We ask Hamid Karzai about calls for an ICC Afghan war crimes investigation, and debate how to cover climate change.
Also on the show, we debate the best way to spur people into action about climate change, and whether we should constantly highlight or give credence to possible doomsday scenarios.
Headliner: Hamid Karzai on the US, ISIL and war crimes
As US President Donald Trump plans to send more troops to fight in the 16-year-long war in Afghanistan, the International Criminal Court (ICC) prosecutor now calls for investigating war crimes and crimes against humanity in the country.
In this challenging interview, Hamid Karzai, the former president of Afghanistan, says he welcomes the ICC investigation of war crimes, including those committed under his watch between 2004 and 2014.
“She’s right to launch such an investigation,” says Karzai, referring to ICC Chief Prosecutor Fatou Bensouda.
Karzai also acknowledged that there were human rights violations during his government, and possibly under his watch. “Definitely, there were violations by the Afghan security forces, by the US, and by others,” he says.
When asked if he would cooperate with an investigation into his own potential complicity, he said, “Absolutely. Welcome. I have been asking for this so that they come to Afghanistan and investigate as to what has happened in this country.”
In this week’s Headliner, former Afghan President Hamid Karzai discusses the US strategy in Afghanistan, the Taliban and alleged human rights violations that may have taken place under his watch.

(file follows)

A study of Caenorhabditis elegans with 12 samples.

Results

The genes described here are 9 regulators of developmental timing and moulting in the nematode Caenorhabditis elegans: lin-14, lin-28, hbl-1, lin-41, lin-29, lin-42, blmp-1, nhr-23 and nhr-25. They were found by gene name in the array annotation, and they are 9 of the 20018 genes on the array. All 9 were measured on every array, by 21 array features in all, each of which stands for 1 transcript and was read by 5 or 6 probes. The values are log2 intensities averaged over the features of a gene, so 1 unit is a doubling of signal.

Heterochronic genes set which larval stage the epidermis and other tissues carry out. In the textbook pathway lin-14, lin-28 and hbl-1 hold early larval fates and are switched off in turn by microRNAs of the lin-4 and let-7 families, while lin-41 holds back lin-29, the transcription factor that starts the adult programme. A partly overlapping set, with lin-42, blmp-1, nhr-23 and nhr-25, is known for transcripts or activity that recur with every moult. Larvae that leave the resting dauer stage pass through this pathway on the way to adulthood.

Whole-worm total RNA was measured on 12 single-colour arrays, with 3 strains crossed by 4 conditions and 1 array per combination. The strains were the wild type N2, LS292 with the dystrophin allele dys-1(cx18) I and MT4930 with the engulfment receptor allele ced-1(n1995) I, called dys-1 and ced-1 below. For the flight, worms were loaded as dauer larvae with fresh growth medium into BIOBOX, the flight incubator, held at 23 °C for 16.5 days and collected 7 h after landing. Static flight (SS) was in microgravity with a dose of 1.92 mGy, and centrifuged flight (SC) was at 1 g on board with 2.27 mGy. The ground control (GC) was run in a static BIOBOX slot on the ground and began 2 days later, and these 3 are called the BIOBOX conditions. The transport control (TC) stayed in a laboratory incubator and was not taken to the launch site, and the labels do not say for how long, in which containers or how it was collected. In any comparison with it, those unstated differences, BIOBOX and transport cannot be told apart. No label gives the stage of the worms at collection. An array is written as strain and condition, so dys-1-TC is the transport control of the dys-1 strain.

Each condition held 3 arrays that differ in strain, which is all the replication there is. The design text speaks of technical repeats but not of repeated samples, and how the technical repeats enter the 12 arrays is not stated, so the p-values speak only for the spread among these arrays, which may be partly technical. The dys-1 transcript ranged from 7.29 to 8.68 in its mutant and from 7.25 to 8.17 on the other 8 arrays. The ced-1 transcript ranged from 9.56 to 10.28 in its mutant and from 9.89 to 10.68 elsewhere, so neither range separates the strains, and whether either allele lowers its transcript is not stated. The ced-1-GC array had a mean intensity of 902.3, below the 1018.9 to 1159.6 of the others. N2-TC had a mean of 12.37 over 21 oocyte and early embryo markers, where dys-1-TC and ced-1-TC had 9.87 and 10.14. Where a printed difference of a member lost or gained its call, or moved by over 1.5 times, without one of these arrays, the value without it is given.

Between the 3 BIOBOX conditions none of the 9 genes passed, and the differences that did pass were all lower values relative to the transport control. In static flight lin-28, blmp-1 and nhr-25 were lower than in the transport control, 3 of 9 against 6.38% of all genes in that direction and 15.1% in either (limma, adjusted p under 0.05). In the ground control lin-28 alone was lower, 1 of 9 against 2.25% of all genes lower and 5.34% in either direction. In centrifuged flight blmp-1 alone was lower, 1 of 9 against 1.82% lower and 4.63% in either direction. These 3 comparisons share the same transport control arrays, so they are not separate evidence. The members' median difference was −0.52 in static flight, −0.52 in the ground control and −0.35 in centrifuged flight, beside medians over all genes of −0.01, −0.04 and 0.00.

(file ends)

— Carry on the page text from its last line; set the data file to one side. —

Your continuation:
Arena: Climate change – are we all doomed?
This month, the US released an exhaustive scientific report on climate change, citing humans as the dominant cause of global warming.
So, should we still be optimistic about humans’ ability to combat climate change? And should we be worried about the possible doomsday scenarios that have been presented in the media? Or are these scenarios counter-productive?
David Wallace-Wells, the author of a controversial article titled The Uninhabitable Earth which paints a pessimistic doomsday scenario for planet Earth, believes people are not as worried as they should be about the grave consequences of climate change:
“I think when you look at the public as a whole, it’s just very, very clear to me, and honestly, I don’t see a counter-argument, that the public is not alarmed enough about what is possible and not motivated enough by that alarm to take political action,” says Wallace-Wells, who is also a deputy editor at New York Magazine.
For Andrew Freedman, senior science editor at Mashable, we need a more level approach:
“Is climate change fatalism a bigger problem than climate complacency?” asks Freedman, who is also a former Science Writer at Climate Central. “I think they’re both big problems. Neither one of them is necessarily a solution. I would prefer, like, climate change realism here.”
In this week’s Arena, David Wallace-Wells and Andrew Freedman debate how to cover climate change in a way that motivates the public to action.